I watched the movie The Social Network again the other night, and found myself considering Facebook’s success. As the movie depicts it, there was a certain amount of ruthlessness involved to ensure it succeeded.
At first, many considered the movie to be character assassination, targeted at Mark Zuckerberg. But then I heard feedback that many people felt that the movie portrayed him as a role model. That the lesson was: in order to succeed on the scale of Facebook, that you need to have true vision, be dedicated, and protect it at all costs. That Mark’s actions as portrayed in the movie were a necessary step in order to achieve greatness.
I began thinking of other companies’ stories of success; that stories of ruthlessness were a part of the Microsoft and Apple legends. Product ideas were stolen and competitors were aggressively nudged out of the marketplace.
Wandering the streets of New York City yesterday, I thought about all of this. Is New York City ruthless? It has certainly been described as a tough city, and as the song goes, if you can make it here, you can make it anywhere.
I began observing the people I passed on the streets. These were not ruthless people. At least, not all of them! They were an incredible mix of different people, all living their lives. They were making a conscious choice to live in a city that is expensive, crowded, and affords little personal space. And yet, many were doing it with grace. Oftentimes, I get inspired by those I pass on the streets in New York City. That they are builders and creators.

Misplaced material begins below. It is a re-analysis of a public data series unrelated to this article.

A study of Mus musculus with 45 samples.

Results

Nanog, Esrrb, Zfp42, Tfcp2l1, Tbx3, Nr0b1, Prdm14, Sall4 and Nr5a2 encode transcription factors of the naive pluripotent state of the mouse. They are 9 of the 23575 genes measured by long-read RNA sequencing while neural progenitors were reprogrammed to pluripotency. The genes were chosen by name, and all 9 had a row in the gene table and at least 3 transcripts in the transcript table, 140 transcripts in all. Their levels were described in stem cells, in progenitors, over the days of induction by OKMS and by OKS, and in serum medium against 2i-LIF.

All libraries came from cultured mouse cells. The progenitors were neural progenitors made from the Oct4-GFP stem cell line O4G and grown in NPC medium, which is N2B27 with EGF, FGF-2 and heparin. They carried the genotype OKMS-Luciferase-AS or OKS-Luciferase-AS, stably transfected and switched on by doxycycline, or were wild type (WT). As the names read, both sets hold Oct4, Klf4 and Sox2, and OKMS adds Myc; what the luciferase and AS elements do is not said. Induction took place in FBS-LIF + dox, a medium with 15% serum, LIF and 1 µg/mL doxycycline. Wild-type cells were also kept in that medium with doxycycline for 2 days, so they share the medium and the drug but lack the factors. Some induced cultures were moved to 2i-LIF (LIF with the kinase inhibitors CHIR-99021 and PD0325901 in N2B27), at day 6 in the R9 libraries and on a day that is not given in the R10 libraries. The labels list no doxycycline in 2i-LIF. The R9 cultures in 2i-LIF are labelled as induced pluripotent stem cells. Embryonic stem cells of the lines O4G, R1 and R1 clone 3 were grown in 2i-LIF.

As I build my own business at We Grow Media, I am considering these things. And I can’t help but feel that ruthlessness is the easy way out, and too easily justified. That a truly visionary business, a truly confident business succeeds because it chooses to do right by the communities it serves, and those whole play a part of its success. That the story of a company represents the values of a company. Not what they SAY their values are, but what they actually do.
Any action can be justified as being “necessary” for a greater purpose. Most of the worst actions in the history of the world have been justified in exactly this way.
I was on Jane Friedman’s website last night, and she shared this quote:
“It takes guts to be gentle and kind.”
This is taken by a song from The Smiths. And I loved the quote – that the brave are not always the ones who lash out at others, they are more likely those who are patient enough to use their power sparingly.
As individuals and businesses experience the trials and tribulations of growth, I feel as though this is ideal to achieve. That being ruthless is the easy way out, and one the usurps the real value that is being created. That being kind takes far more bravery, and builds a far more valuable business.
Maybe this is why I will never be Mark Zuckerberg, and head a company worth billions of dollars. But I’m okay with that.